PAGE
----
A moderately challenging ride into the Cheviot Hills

Starting from Clennell Farm, near Alwinton, this horse ride route is a moderately challenging ride into the Cheviot Hills in the Upper Coquet Valley. Most of the route is off-road, offering good canter opportunities and many chances to admire the stunning scenery of Northumberland National Park. The roadwork sections are on quiet roads, although you will need to be prepared to meet large agricultural, forestry and military vehicles.

Most of the route is off-road, offering good canter opportunities and many chances to admire the stunning scenery of Northumberland National Park. The roadwork sections are on quiet roads, although you will need to be prepared to meet large agricultural, forestry and military vehicles.

The roadwork sections are on quiet roads, although you will need to be prepared to meet large agricultural, forestry and military vehicles.

Download the Copper Snout Horse Ride

Ride Description

A step-by-step guide to the Copper Snout horse ride.

Clennell to Wholehope

Ride up the stone track as it heads up the Alwin Valley towards Kidland Forest, keeping to the grass verges wherever possible.

Just before the edge of the forest, take the bridleway to the left and follow this steeply uphill. Continue along the narrow track across the hillside to a wicket gate. Cross the corner of the field to a second gate. Turn right onto Clennell Street and follow the clear track, until you reach the tin shed and remains of a building on the hilltop at Wholehope.

Clennell Street is an ancient droving route linking England and Scotland. It provided a well-used highway for the movement of
cattle and other goods, both legally and ill-gotten gains of the Border Reiver times. The droving trade was at its peak during the 17th and 18th Centuries, with many thousands of cattle being driven from pastures in Scotland to fairs and markets in England, at an average rate of 12 miles a day. Wholehope used to be a shepherd’s house, built around 1603 and was last occupied in 1942. It then became a Youth Hostel until 1960, when it was closed as a result of its remote location.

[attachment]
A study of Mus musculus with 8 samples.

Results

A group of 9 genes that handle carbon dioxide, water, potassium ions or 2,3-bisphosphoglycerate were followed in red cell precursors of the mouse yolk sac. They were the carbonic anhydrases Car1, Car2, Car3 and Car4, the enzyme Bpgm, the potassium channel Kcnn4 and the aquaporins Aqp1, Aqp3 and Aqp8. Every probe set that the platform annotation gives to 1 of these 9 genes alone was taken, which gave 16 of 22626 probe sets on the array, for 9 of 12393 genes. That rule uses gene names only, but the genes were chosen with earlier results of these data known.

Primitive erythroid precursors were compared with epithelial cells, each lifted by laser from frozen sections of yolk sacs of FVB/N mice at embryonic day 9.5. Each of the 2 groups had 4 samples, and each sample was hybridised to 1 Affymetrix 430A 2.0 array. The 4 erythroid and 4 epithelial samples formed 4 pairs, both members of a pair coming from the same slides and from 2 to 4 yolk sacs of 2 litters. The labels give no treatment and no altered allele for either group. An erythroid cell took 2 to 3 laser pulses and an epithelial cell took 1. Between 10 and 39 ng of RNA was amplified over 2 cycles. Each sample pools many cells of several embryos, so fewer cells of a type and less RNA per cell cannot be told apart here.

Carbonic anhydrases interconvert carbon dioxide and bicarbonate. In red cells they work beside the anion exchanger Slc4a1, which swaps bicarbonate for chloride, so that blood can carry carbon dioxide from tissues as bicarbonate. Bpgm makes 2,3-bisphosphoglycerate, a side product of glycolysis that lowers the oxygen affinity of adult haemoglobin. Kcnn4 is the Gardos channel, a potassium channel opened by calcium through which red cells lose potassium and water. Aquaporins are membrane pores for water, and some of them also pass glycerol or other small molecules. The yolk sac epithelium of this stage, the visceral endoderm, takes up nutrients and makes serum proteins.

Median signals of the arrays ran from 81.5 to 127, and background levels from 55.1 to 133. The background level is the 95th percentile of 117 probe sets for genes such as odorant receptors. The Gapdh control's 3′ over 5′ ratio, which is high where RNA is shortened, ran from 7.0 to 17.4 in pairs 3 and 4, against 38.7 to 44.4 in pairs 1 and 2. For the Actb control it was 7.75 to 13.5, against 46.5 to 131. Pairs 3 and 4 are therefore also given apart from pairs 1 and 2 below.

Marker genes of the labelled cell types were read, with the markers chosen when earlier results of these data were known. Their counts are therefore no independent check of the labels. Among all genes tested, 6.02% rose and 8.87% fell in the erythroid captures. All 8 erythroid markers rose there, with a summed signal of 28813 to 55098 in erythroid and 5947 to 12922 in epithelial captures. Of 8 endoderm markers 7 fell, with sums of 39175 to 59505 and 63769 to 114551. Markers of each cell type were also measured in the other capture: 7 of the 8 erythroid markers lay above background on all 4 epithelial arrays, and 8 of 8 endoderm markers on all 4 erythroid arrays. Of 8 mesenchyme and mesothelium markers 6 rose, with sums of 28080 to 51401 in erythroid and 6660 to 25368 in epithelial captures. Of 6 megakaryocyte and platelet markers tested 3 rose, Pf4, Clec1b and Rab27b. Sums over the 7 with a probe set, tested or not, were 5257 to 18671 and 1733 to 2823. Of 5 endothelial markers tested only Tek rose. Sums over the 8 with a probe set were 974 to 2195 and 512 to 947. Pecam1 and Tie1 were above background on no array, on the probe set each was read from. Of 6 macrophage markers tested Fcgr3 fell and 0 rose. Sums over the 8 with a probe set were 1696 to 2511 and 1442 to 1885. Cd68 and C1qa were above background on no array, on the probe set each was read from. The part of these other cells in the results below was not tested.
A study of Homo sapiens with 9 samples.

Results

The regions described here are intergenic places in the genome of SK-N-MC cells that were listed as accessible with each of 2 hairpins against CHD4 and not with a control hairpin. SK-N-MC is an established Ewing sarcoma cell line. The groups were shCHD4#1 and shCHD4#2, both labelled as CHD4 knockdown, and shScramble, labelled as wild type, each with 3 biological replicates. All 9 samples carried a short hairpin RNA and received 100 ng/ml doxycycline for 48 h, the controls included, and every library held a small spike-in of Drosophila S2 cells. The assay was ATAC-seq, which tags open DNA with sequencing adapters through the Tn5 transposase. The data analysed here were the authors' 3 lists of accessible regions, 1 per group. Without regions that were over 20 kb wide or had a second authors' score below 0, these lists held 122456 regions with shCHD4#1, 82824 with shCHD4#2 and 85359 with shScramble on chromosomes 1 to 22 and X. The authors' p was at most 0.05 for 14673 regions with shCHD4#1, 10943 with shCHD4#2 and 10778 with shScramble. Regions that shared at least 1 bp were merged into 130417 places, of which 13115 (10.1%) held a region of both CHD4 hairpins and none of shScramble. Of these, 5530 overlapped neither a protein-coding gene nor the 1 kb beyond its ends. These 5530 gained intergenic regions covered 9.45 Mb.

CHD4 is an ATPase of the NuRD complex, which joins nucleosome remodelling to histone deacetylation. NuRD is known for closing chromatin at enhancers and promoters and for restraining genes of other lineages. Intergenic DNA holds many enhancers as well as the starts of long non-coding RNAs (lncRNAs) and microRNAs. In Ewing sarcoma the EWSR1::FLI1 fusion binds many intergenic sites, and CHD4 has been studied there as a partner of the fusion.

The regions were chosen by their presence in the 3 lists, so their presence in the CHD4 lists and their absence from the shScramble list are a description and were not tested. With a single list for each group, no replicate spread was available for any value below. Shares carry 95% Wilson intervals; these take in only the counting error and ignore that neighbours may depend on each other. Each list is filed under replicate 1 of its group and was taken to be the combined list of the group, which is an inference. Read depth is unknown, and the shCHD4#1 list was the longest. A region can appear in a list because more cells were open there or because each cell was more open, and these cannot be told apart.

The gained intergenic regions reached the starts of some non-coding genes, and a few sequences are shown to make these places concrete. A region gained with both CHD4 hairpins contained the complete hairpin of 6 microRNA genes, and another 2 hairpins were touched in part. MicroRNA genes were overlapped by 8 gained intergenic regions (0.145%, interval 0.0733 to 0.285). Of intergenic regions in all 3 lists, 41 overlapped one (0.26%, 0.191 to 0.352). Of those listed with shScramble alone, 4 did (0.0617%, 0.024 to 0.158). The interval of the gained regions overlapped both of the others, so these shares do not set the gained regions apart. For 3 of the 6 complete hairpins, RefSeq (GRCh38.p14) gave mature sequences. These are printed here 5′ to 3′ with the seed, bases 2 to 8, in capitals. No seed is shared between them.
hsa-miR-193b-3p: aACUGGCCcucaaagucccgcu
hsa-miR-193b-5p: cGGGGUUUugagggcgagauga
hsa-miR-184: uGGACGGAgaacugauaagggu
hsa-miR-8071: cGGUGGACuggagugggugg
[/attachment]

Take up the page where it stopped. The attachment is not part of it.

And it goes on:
Wholehope to Shillmoor

After passing the remains of Wholehope Youth Hostel on your right, continue on the clear track until it joins the forestry road. Turn left onto this. Shortly after a gentle bend, take the clear track on the left hand side, leading into the trees. After a short distance, go through the gate alongside the cattle grid, then turn right and follow the track as it winds gently downhill.

Pass through the field gate and continue the descent towards Shillmoor Farm. This section of the route is included by kind permission of the Ministry of Defence (MOD) as part of a campaign to increase awareness of access opportunities on the Otterburn Ranges. As the track curves to the right to approach Shillmoor, drop down to the left onto the public bridleway, as it follows the wall and the River Coquet downstream.

You are likely to see a variety of wildlife on this ride. Birds includes buzzard, kestrel, heron, dipper, wagtail, wheatear, lapwing and curlew. You may be lucky enough to catch a glimpse of shy mammals such as roe deer, red squirrel and foxes. This area also boasts ideal habitat for Britain’s only venomous snake, the adder. Adders will move away, generally before you even know they are there but you may catch a glimpse of one during hot weather. Ensure you allow them time to move out of your way.

Shillmoor to Clennell

Go through the wicket gate and cross the small burn, then follow the narrow track across the hillside. Be careful crossing the burn as the bank side is steep and stony. You may want to dismount and lead.

An alternative (marked in green) is to follow the farm track back to Shillmoor, then turn left onto the road, crossing the bridge, and follow the road as it leads back towards Alwinton. Take the farm track descending to the river to the right of the sheep stell and cross the river at the clear fording point. Then follow the track uphill until it rejoins the bridleway.

Follow the track steeply uphill on Pass Peth, another ancient drove road. Have a rest at the top, you may be able to make out the remains of Linbriggs medieval village on the haugh on the far side of the River Coquet. During Border Reiver times, men of Coquetdale used to keep a round-the-clock watch at the nick at the top of Pass Peth to give warning of raids. Follow the clear track as it descends to the Coquet Valley road. Go through the wicket gate and turn left to follow the road down to Alwinton village.

Pass through the village and bear right, over the bridge. Take the road on the left before the next road bridge, and follow the road back to Clennell and your vehicle. The name ‘Copper Snout’ is likely to have come from the green colour found in the rock, fragments of which may be visible on the track. The rock type is Andesite, an igneous rock laid down in volcanic lavas about 300 million years ago.

Riding Route

Distance: 11 miles (17.7km)
Time: 4 to 4 and a half hours
Grade: Strenuous
Terrain: off-road bridleways, stone and grassy tracks, tarmac roads
Gates: 18
Ford crossings: 3 small burns
Ascents/Descents: some steep ascents and descents
Map: OS OL16 1:25

Getting There

From Rothbury, take the B6341 travelling through Thropton.

At Flotterton Farm, take the right, signposted Harbottle and Alwinton. Follow this road up the valley, passing through Sharperton and Harbottle. Before reaching Alwinton, take the right signed Clennell Hall. Continue past Clennell Hall, crossing a cattle grid, follow the track as it skirts Clennell Farm and park considerately.

Parking has been agreed by kind  permission of Clennell Farm. Please take care not to block the roads or gateways as access is required at all times, and take all litter home with you.